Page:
This Week in JAMA FREE

JAMA. 2008;300(14):1621. doi:10.1001/jama.300.14.1621.

Patients with suspected deep vein thrombosis (DVT) of the lower extremities may be evaluated with either proximal vein 2-point ultrasonography or whole-leg ultrasonography. To assess whether the 2 strategies are equivalent, Bernardi and colleagues Article randomly assigned 2098 consecutive outpatients with symptoms of a first-episode lower-extremity DVT to undergo either 2-point ultrasonography (plus D-dimer testing) or whole-leg color-coded Doppler ultrasonography. Patients with normal findings were followed up for 3 months. The authors report the 2 diagnostic strategies were equivalent for the detection of symptomatic venous thromboembolism. In an editorial, Landefeld Article discusses the diagnosis of DVT.

HIP FRACTURE AND 5-Α REDUCTASE INHIBITORS

Pharmacological treatment of benign prostatic hyperplasia includes 5-α reductase inhibitors (eg, finasteride), which block the conversion of testosterone to dihydrotestosterone. Whether 5-α reductase inhibitors adversely affect bone health is not clear. In a case-control study involving patients with a diagnosis of benign prostatic hyperplasia, Jacobsen and colleagues assessed the association between use of 5-α reductase inhibitors and incident hip fracture. The authors found no association of exposure to 5-α reductase inhibitors with increased risk of hip fracture.

TALKING ABOUT DEATH, MEDICAL CARE, AND MENTAL HEALTH

Patients and physicians are encouraged to engage in conversations about end-of-life goals and expectations for medical care. However, it is not known whether these discussions are associated with less aggressive care or with increased or decreased patient and caregiver psychological distress. Wright and colleagues analyzed data from a multisite prospective cohort study of 332 patients with advanced cancer and their informal caregivers. The authors found that end-of-life discussions with physicians were associated with less aggressive medical care in the final week of life and earlier referrals to hospice. End-of-life discussions were not associated with more worry or higher rates of depression among patients, nor were they associated with worse bereavement adjustment among caregivers.

CIRCUMCISION AND SEXUALLY TRANSMITTED INFECTIONS

Data suggest that male circumcision reduces men's risk of contracting human immunodeficiency virus (HIV) during heterosexual intercourse. Whether circumcision is associated with reduced risks of HIV infection among men who have sex with men is not certain. Millett and colleagues Article pooled data from 15 observational studies that involved 53 567 men who have sex with men to assess the association between male circumcision and HIV and other sexually transmitted infections (STIs). The authors conclude there is insufficient evidence that male circumcision protects against HIV or other STIs among men who have sex with men. In an editorial, Vermund and Qian Article discuss the implications of this finding for future research and HIV risk-reduction strategies.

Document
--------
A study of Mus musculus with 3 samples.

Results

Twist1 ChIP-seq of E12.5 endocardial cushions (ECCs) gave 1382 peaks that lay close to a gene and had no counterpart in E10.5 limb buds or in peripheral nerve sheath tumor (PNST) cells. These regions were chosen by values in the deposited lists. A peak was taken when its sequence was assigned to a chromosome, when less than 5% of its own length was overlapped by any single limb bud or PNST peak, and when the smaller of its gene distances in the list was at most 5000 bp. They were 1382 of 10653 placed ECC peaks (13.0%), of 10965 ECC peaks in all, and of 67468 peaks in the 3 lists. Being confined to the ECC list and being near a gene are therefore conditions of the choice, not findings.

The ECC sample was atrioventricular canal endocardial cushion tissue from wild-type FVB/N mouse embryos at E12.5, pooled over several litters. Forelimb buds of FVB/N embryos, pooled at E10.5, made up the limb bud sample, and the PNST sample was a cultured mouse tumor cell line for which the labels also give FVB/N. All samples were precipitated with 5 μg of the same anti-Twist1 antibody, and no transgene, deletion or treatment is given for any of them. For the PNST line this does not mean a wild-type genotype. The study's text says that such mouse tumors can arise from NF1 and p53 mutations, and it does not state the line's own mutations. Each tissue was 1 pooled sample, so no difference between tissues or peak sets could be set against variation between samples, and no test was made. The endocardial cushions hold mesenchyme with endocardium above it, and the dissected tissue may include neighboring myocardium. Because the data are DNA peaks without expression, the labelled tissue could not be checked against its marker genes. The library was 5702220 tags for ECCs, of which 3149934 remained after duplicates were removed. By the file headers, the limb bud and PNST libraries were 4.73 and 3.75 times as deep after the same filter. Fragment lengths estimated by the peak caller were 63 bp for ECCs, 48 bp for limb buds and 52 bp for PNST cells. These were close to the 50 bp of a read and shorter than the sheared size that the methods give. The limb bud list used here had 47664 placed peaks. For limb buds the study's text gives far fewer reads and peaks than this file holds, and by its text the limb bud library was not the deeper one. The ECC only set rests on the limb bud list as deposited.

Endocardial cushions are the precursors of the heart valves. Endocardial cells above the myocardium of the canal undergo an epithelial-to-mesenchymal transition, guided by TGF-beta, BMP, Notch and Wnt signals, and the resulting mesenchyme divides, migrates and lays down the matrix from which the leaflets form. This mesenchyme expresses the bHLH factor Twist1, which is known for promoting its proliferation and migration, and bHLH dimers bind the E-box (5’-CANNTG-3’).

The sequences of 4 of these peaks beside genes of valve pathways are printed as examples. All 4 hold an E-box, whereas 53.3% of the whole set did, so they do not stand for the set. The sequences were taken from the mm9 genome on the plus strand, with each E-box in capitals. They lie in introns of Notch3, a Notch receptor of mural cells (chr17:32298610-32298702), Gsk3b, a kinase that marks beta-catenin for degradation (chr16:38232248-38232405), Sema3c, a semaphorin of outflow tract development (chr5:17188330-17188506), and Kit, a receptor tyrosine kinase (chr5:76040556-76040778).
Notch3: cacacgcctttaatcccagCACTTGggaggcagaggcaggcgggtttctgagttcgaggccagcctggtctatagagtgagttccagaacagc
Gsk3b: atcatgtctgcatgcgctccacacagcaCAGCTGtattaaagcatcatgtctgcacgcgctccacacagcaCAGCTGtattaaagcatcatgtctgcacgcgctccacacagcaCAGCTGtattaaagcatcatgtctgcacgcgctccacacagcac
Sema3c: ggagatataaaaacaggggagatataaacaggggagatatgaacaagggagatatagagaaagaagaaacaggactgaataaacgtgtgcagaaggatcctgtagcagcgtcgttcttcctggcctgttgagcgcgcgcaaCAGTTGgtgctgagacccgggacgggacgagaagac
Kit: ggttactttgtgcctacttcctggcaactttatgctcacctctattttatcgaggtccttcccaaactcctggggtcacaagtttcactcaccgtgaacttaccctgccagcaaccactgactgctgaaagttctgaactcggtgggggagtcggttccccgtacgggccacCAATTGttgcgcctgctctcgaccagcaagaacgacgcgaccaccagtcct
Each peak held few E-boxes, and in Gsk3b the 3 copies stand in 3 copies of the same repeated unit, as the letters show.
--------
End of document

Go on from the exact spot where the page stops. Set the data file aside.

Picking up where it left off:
CLINICIAN'S CORNER
MOBILIZING PATIENTS IN THE INTENSIVE CARE UNIT

Mr E, a 56-year-old man with severe chronic obstructive pulmonary disease, had acute renal and respiratory failure that resulted in a 2-month medical intensive care unit stay complicated by aspiration, sepsis, and significant weight loss. Needham discusses the evidence supporting the safety, feasibility, and potential benefits of early mobilization of patients receiving mechanical ventilation.

A PIECE OF MY MIND

“Surgeons often have to judge the benefits of waiting, to prepare a patient for an operation . . . but not in this case.” From “Saturday.”

MEDICAL NEWS & PERSPECTIVES

Some scientists say information provided by genome-wide prenatal tests is often ambiguous and may confuse parents.

COMMENTARIES

Patient care, square-rigger sailing, and safety

Disclosing genetic research results after pediatric deaths

AUTHOR IN THE ROOM TELECONFERENCE

Join Ingrid Nygaard, MD, MS, October 15 from 2 to 3 pm eastern time to discuss symptomatic pelvic floor disorders in women. To register, go to http://www.ihi.org/AuthorintheRoom.

AUDIO COMMENTARY

Dr DeAngelis summarizes and comments on this week's issue. Go to http://jama.ama-assn.org/misc/audiocommentary.dtl

READERS RESPOND

How would you manage an 82-year-old woman with hypertension and renal artery stenosis? Go to www.jama.com, read the case, and submit your response, which may be selected for online publication. Submission deadline is October 29.

JAMA PATIENT PAGE

For your patients: Information about thrombophlebitis.